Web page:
Officials in Pakistan are investigating a brain-eating amoeba that has caused 10 deaths in four months in the largest city in Pakistan.
The brain-eating amoeba, also known as Naegleria fowleri, lives in warm fresh bodies of water that are polluted or untreated. These amoebas can survive in water as hot as 113 degrees Fahrenheit. People contract the disease usually when the amoeba enters the nose, passes the nasal membrane and eats the brain tissues.
Health officials in Pakistan are examining drinking water, swimming locations, and places where water has been used in Muslim rituals in Karachi in an effort to locate the source of infection.
Musa Khan, who leads the World Health Organization's Disease Early Warning System in Pakistan, said the deaths were reported in the city of Karachi from March to September.
He said health officials are visiting the homes of victims to interview their families and find out where they may have been infected by the brain-eating amoeba.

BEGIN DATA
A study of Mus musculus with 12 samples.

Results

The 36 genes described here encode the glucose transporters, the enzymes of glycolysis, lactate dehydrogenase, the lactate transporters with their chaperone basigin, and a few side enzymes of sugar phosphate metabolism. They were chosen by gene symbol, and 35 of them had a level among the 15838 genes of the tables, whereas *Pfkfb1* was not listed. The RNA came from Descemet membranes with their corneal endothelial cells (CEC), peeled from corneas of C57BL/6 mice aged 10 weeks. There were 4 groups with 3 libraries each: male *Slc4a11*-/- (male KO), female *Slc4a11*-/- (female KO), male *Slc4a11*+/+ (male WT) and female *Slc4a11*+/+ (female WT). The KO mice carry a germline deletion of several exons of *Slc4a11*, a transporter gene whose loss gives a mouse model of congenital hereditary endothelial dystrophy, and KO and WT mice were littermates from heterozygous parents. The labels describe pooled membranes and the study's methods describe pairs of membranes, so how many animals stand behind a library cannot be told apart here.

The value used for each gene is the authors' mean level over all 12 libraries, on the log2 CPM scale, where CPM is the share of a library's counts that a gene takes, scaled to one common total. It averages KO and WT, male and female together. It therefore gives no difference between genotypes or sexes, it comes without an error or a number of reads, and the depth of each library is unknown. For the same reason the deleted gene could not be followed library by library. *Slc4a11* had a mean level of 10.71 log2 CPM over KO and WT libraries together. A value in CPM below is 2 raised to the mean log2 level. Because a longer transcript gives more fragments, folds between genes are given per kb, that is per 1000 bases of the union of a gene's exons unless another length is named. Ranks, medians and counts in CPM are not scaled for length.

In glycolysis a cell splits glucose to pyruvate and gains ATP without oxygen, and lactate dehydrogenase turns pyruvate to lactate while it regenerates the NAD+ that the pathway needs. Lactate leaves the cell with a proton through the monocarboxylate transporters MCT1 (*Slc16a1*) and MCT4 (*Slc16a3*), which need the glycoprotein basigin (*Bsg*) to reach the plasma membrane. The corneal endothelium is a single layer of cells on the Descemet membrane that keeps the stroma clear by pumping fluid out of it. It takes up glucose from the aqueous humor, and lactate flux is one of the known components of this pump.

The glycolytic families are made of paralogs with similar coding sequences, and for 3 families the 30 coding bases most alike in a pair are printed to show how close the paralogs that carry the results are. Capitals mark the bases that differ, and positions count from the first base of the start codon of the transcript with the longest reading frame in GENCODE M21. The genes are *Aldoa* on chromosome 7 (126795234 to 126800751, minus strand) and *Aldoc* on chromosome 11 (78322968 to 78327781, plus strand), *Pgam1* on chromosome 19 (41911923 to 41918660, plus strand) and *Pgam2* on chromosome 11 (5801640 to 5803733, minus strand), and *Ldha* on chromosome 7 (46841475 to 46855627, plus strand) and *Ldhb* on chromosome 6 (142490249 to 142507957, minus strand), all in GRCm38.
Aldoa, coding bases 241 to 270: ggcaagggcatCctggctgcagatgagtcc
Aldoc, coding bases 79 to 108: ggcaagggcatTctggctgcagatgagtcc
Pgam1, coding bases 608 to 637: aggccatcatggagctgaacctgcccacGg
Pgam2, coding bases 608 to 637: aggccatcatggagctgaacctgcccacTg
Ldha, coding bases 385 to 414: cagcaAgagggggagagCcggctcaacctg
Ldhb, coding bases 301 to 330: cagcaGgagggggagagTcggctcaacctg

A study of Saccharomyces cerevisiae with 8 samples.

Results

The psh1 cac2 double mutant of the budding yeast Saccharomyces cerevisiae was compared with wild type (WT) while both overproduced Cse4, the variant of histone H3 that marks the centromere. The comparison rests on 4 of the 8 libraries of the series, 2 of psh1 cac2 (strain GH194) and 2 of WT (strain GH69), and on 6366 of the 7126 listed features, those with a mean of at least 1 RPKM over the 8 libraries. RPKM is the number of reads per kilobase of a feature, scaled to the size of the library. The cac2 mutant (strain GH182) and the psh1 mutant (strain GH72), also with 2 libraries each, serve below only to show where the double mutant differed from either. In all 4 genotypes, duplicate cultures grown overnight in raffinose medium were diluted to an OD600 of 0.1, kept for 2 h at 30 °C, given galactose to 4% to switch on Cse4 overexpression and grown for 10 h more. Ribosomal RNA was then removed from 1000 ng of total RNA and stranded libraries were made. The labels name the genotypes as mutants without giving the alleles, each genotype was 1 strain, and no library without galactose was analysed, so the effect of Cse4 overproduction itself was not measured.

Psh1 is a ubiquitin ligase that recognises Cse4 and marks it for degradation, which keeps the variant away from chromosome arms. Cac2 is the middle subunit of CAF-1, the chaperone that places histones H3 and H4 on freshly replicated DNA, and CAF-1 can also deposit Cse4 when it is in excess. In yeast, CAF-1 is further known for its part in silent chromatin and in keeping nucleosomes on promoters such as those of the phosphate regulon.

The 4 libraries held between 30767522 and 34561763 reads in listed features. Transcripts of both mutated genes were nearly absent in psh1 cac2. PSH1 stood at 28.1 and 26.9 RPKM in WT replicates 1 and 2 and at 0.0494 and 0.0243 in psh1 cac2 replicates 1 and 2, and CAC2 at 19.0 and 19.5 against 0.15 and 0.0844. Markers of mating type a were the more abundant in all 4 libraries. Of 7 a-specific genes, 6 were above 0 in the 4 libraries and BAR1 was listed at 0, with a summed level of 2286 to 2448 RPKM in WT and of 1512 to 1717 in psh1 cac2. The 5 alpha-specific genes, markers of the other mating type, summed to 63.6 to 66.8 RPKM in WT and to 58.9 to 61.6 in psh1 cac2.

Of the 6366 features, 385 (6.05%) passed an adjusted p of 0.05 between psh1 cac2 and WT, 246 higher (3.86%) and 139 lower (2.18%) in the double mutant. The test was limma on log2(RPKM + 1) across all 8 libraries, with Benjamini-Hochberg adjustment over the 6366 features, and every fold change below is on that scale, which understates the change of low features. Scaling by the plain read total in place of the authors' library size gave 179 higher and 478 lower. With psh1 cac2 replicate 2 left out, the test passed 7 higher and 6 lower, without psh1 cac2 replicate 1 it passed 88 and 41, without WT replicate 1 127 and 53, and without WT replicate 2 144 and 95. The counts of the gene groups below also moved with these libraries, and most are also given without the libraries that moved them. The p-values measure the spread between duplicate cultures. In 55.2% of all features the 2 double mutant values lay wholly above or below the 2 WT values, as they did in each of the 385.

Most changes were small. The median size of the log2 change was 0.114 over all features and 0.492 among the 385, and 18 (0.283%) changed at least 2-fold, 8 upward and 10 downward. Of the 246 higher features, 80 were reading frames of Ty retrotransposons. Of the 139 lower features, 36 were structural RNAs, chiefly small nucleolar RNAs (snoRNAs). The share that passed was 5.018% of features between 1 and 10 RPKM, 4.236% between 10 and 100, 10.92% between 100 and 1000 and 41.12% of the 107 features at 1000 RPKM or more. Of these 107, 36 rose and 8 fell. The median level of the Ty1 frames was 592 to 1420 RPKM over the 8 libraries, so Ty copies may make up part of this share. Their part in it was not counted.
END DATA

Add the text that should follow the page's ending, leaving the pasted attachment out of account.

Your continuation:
The brain-eating amoeba causes a rare but deadly infection called primary amoebic meningoencephalities (PAM), according to the U.S. Center for Disease Control. Naegleria Fowleri usually resides in sediments of rivers and lakes, feeding off the bacteria found there. However, when it enters into humans, the brain becomes an accidental food source.
Symptoms include fever, nausea and stiffness.
PAM has also killed people in the United States.
Last month, a man was infected after swimming in a southwestern Indiana lake and died several weeks later.
Two people have also died from the amoeba after using neti pots to rinse their sinuses.
A total of 32 people in the U.S. in the past nine year have died from the infection associated with the brain-eating amoeba . The survival rate of the infection is rare.